There's no shortage of ways to get weather news these days — websites, verticals, emails, subscriptions — but the thirst for up-to-date weather coverage seems insatiable. Weather reporting seems like one of the only part of the media landscape that keeps growing unabated, and that includes the experts employed in forecasting and writing about forecasts taking to Twitter. Take advantage of all this knowledge being streamed in real time by following these five tips from Curbed Ski for getting your weather fix on Twitter.
1. National Weather Service accounts: The most reliable weather information nationwide of course comes from the National Weather Service, and in addition to special program accounts, such as the Weather Prediction Center (@NWSWPC), the regional offices are tweeting out forecasts, maps and more. Whether you're looking for forecasts covering Colorado resorts out of the Grand Junction office (@NWSGJT) or news out of Burlington (@NWSBurlington), there's a National Weather Service account for you.
2. Weather hashtags: Take your state postal abbreviation, put a # in front and "wx" in back. There's #cowx, #utwx, #vtwx, and so on. You'll find a mix of TV meteorologists, local weather stories and amateur storm photos. Watch closely as a storm rolls in, and you're likely to see some real-time snow reporting and first-hand accounts of where it's falling and how much.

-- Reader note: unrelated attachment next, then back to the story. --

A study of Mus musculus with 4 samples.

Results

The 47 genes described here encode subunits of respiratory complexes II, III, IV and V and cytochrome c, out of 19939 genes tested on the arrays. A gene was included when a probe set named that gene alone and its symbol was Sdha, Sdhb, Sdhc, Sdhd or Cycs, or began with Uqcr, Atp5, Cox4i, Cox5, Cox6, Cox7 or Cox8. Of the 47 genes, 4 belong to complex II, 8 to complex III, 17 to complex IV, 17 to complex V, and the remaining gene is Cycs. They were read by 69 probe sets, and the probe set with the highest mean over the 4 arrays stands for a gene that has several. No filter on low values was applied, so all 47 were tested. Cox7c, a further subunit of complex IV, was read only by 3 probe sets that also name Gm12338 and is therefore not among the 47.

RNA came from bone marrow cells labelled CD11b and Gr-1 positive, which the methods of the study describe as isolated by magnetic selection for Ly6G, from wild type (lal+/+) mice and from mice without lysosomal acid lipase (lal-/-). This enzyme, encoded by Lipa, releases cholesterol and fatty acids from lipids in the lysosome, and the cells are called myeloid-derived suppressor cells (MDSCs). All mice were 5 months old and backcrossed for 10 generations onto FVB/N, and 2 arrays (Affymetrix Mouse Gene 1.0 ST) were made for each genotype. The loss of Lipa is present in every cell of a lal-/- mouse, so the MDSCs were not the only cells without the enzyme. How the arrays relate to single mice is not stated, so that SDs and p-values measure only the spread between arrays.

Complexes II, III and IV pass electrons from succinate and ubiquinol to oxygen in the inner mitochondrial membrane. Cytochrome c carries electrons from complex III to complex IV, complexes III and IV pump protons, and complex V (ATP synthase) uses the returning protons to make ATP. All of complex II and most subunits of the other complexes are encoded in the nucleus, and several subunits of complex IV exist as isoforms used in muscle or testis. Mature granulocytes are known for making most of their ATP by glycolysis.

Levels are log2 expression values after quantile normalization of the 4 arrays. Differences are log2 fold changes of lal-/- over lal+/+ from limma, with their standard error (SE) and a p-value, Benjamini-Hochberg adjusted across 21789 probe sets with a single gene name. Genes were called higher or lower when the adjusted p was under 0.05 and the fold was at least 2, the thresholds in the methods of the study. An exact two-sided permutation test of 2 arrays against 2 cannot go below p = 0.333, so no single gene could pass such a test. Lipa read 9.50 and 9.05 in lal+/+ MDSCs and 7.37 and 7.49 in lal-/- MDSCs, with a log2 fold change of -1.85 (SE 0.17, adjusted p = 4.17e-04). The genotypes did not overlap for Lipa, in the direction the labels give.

3. OpenSnow: If you haven't signed up for the emails (you're missing out), you can also get updates from OpenSnow (@findOpenSnow) on Twitter. The powder-specific weather site has grown from its Colorado roots to employ forecasters across ski country, and some of them are on Twitter.
4. Area Weather Watchers: Whether it's @TahoeWeather, @utahskiweather or @weatheraspen, there are a lot of snow-loving meteorologists and weather watchers who have settled in ski towns, and some are more than willing to spill the goods 140 characters at a time. Finding your own local weather savant might taking lurking the nearest weather hashtag, but it'll be worth it in the end.
Nine states were record warm in September 2015: CT, CO, ME, MI, MN, NM, RI, UT, WI. pic.twitter.com/olkKbK6FSP— Eric Holthaus (@EricHolthaus) October 9, 2015
5. Weather nerd Twitter: Dive into the deep end of competing forecast models, an overload of acronyms and lots of maps. The tweets coming from these pros won't always be ski town- or snow-specific, but they'll be dropping plenty of knowledge about larger weather events that will be blowing across North America. Start with @EricHolthaus, @afreedma, @TomNiziol, @blkahn and grow your own collection of experts from there.